Hey there, time traveller!
This article was published 28/10/2015 (1335 days ago), so information in it may no longer be current.

City hall thinks it’s a good time to go deeper into debt.

City council approved a new debt strategy Wednesday following an administration recommendation to increase borrowing because interest rates are at an all-time low.

The administrative report stated city hall can safely take on an additional $250 million in debt — money the city needs for infrastructure projects.

The administration cautioned, however, that taking on greater debt could affect the city’s credit rating, which could result in higher interest rates for future loans.

This article was published 28/10/2015 (1335 days ago), so information in it may no longer be current.

City hall thinks it’s a good time to go deeper into debt.

City council approved a new debt strategy Wednesday following an administration recommendation to increase borrowing because interest rates are at an all-time low.

The administrative report stated city hall can safely take on an additional $250 million in debt — money the city needs for infrastructure projects.

The administration cautioned, however, that taking on greater debt could affect the city’s credit rating, which could result in higher interest rates for future loans.

Only Coun. Shawn Dobson expressed concern about the city going further into debt but he supported the proposal.

Dobson (St. Charles) said warnings were sounded on city’s current AA credit rating earlier this year, and he is concerned how the city will spend the additional borrowed money.

"Though I understand the reasoning for the increase in borrowing, I am hesitant in handing out that ability until I’ve seen where exactly it is planned to be spent," Dobson said.

The revised debt strategy increases the city’s net debt as a percentage of revenues for tax supported spending to 80 per cent from 60 per cent, and total city debt (including utilities and special operating agencies) as a percentage of all revenues to 90 per cent from 85 per cent.

Coun. Ross Eadie said dealing with the city’s infrastructure problems warrants greater debt.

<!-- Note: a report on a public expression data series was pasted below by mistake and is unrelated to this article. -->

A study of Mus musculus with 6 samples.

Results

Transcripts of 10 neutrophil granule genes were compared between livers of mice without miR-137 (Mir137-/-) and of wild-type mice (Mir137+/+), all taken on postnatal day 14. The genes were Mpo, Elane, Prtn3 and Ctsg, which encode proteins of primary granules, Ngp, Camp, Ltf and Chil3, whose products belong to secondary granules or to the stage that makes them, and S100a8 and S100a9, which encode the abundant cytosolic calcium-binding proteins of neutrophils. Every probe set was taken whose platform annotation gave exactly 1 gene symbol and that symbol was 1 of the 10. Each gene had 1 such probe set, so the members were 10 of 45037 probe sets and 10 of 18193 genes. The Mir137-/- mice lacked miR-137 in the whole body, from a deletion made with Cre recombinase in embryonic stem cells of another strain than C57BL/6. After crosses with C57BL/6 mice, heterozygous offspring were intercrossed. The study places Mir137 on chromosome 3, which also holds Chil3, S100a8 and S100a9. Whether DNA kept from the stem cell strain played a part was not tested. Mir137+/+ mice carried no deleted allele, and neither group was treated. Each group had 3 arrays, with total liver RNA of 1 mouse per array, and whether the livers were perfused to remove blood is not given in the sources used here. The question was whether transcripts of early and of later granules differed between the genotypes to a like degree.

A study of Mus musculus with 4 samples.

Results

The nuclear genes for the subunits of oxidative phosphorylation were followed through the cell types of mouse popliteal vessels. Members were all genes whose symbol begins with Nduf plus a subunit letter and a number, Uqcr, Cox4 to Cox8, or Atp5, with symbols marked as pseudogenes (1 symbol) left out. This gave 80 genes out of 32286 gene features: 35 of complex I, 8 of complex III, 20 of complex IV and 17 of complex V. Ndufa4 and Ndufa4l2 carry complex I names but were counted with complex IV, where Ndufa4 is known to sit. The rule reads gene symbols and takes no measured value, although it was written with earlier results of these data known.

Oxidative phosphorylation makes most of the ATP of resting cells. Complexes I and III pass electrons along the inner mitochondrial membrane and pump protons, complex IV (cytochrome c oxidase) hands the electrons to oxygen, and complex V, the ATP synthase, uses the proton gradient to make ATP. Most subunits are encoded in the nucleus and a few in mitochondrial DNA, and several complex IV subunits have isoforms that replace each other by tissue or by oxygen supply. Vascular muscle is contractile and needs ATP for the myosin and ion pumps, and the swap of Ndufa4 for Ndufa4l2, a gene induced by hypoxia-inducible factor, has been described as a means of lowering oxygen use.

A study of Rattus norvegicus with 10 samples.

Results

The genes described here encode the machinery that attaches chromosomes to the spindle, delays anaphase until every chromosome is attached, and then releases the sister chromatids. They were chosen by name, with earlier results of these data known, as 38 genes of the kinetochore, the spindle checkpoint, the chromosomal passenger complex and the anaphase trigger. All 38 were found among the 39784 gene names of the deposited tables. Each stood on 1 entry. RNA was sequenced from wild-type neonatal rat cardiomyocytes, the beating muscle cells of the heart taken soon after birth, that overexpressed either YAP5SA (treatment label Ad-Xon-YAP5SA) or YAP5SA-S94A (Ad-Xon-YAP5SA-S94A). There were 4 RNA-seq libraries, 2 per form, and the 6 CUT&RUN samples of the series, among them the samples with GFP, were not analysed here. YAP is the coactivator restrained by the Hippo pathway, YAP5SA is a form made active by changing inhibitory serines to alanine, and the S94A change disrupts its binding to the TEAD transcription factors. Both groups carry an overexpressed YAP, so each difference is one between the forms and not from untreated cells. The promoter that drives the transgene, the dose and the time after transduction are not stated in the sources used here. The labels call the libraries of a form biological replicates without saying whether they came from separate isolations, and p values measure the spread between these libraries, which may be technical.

"This is essential for the City of Winnipeg to make it a better place in terms of our infrastructure and what we can provide for services to citizens of Winnipeg," Eadie (Mynarski) said.

Credit agencies have warned the city and the provincial government about the impact of taking on further debt. The administration acknowledged the city is at the limits of the debt strategy put in place in 2011.

However, the administration said it’s been estimated the city needs to spend more than $7 billion to address its infrastructure issues, including roads, transit and upgrades to water and sewage treatment facilities.

"With the current and historically low interest rate environment, the public service believes it is prudent to increase the current limits to take advantage of interest rates," states an administrative report to council.

The city’s total debt stood at $943 million in 2014 but it’s expected to increase to $1.72 billion by 2023, based on projected capital spending.

Finance chairman Coun. Marty Morantz defended the change in the city’s debt strategy, arguing the city can take on more debt at lower, guaranteed long-term interest rates.

Morantz (Charleswood-Tuxedo-Whyte Ridge) said even if the city’s credit rating were to be downgraded, the debt the city takes on now will not be affected by the downgrading.

"In order for us to invest in Winnipeg, undertake the kind of projects people expect of us… we’re going to have (bring) the tools we need," Morantz said.

aldo.santin@freepress.mb.ca

Aldo Santin

Aldo Santin
Reporter

Aldo Santin is a veteran newspaper reporter who first carried a pen and notepad in 1978 and joined the Winnipeg Free Press in 1986, where he has covered a variety of beats and specialty areas including education, aboriginal issues, urban and downtown development. Santin has been covering city hall since 2013.


Updated on Wednesday, October 28, 2015 at 4:51 PM CDT: Writethru.